Since its inception, NPHCC has consistently produced measurable results and positively impacted Ethiopia in a multitude of ways. Our influence is evident in our impact. Although the magnitude of our reach could never be fully expressed with words, below is a partial list of the ways we have been able to offer our support:
  • Providing integrated home-based care to 365 persons living with HIV/AIDS and helping them get involved in livelihood activities
  • Improving the health, life skills and psychosocial wellbeing, educational performance and attendance of over 1,000 orphans and vulnerable children with a success rate of 96%
  • In collaboration with school communities, guardians and caretakers of 268 orphan families were provided with goats and sheep
  • Economic empowerment of over 3830 poor women/girls, incorporating entrepreneurial aspects through the “self-help group” (SHG) concept by providing continuous training in saving/credit, entrepreneurship, leadership and conflict resolution
  • Providing basic literacy/numeracy to over 150 women
  • Promoting environmental protection/preservation through school, household and community gardening
  • Providing for awareness creation and prevention messages to 500,000 youth and community members
  • Providing RH/FP disease prevention messages to nearly 100,000 youth members
  • Facilitating for counseling, VCT, STI diagnosis/treatment services to 200,000 people
  • Establishing two fully equipped youth centers providing youth friendly services
  • Providing community capacity building training to 550 community stakeholders to insure sustainability
Berhe Redae Berhe RedaeBerhe Redae’s father died when he was 3-years-old. His mother died eight years later. At the age of 11, Berhe became an orphan. “The future became hopeless and dark”, he said. “I had no one to care.”

At that time, Berhe was in sixth grade at Tesfay Ferede Elementary School, struggling to survive. That’s when Berhe became one of our beneficiaries and began receiving critical support. However, he was still without a guardian. Because of his critical condition, he was allowed to benefit from an NPHCC “Goat-Project” program that allows goats to be given to orphan households to improve and strengthen them. NPHCC also helped Berhe secure a plot of land at the Athletics Training Center and provided for the purchase of vegetables seed and garden inputs so that he could start generating income by producing lettuce, cabbages, tomatoes, beets and carrots.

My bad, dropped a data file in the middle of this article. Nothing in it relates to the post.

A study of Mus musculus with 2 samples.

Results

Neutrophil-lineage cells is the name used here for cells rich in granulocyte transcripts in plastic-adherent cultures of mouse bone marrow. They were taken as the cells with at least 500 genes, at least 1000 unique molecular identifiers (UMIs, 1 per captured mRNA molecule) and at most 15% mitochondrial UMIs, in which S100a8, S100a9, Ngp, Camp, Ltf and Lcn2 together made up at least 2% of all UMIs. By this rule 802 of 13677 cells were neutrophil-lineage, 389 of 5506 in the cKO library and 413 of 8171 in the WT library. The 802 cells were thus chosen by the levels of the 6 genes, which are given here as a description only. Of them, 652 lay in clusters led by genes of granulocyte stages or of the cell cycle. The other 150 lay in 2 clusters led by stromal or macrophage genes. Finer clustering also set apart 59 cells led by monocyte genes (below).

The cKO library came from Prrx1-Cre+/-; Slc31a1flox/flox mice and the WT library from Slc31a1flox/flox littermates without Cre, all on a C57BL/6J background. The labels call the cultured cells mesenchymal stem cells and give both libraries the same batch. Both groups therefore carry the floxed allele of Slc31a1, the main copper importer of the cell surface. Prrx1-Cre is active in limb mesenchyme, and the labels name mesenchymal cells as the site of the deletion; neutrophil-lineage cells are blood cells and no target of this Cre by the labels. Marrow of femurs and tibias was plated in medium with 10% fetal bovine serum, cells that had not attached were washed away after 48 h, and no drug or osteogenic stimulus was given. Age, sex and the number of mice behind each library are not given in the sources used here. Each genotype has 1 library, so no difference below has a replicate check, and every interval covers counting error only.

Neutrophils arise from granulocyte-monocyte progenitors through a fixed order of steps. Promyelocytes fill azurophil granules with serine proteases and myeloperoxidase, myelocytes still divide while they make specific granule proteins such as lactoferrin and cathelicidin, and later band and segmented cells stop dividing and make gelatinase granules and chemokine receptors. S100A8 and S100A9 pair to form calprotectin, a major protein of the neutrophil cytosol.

Today, Berhe is a 21 year old college freshman. NPHCC is proud to have played such an integral role in Berhe’s survival and maturation. Through a coordinated effort, NPHCC was able to help him with educational materials, plus provide the psychosocial and medical support he needed to thrive.
Kaleita Hailemichael Kaleita is a mother of five children. She has been a widow since 2005. And she is living with HIV/AIDS. As soon as Kaleita found out she was HIV positive, she immediately registered with Save Your Generation PLWHA Association for support.

“Since the association had a link with NPHHC, I heard about the SHG concept and joined. I ended up getting a loan and was able to buy one ton of cement. As I sold it, I ended up getting more and more customers. With the business skills training I received, I realized that by retailing cement, I was profiting 1200 ETB every two months. In addition to that revenue, I was also able to profit from my small restaurant that supplies “Tella” (a locally made beer like traditonal drink), “Besso and Tihllo” (local foods made of barely flour), plus a small shop that I owned.

Before joining this care and support program, everything was dark and miserable. But now I see a bright light of hope and strength in my life. Now I am a businesswoman looking after profits, and I am happy because I am independent.”
Kidusan Woldu “I am a 25-years-old wife and mother of four children. Prior to becoming a beneficiary of NPHHC and a member of SHG, my family was in serious finacial straits. Although my husband tried to support our family as a daily laborer, the small amount of money he earned per week which was not sufficient enough to cover our daily subsistence.

One day, our village’s Kebele administration and NPHHC had called poor women for a meeting to discuss organizing women in a self-help scheme for economic empowerment. I learned all about SHG and ended up joining “Arsiema SHG” with other poor women like me.

I took out a loan and invested 300 ETB on petty trade and urban gardening. I have been able to plant various types of vegetables and earned 1500- 2000 ETB. I was also able to settle my loan and save Birr 154 ETB after disposables. All of the women who resigned from our group have started to rejoin because they have seen how much the program has helped change our lives.”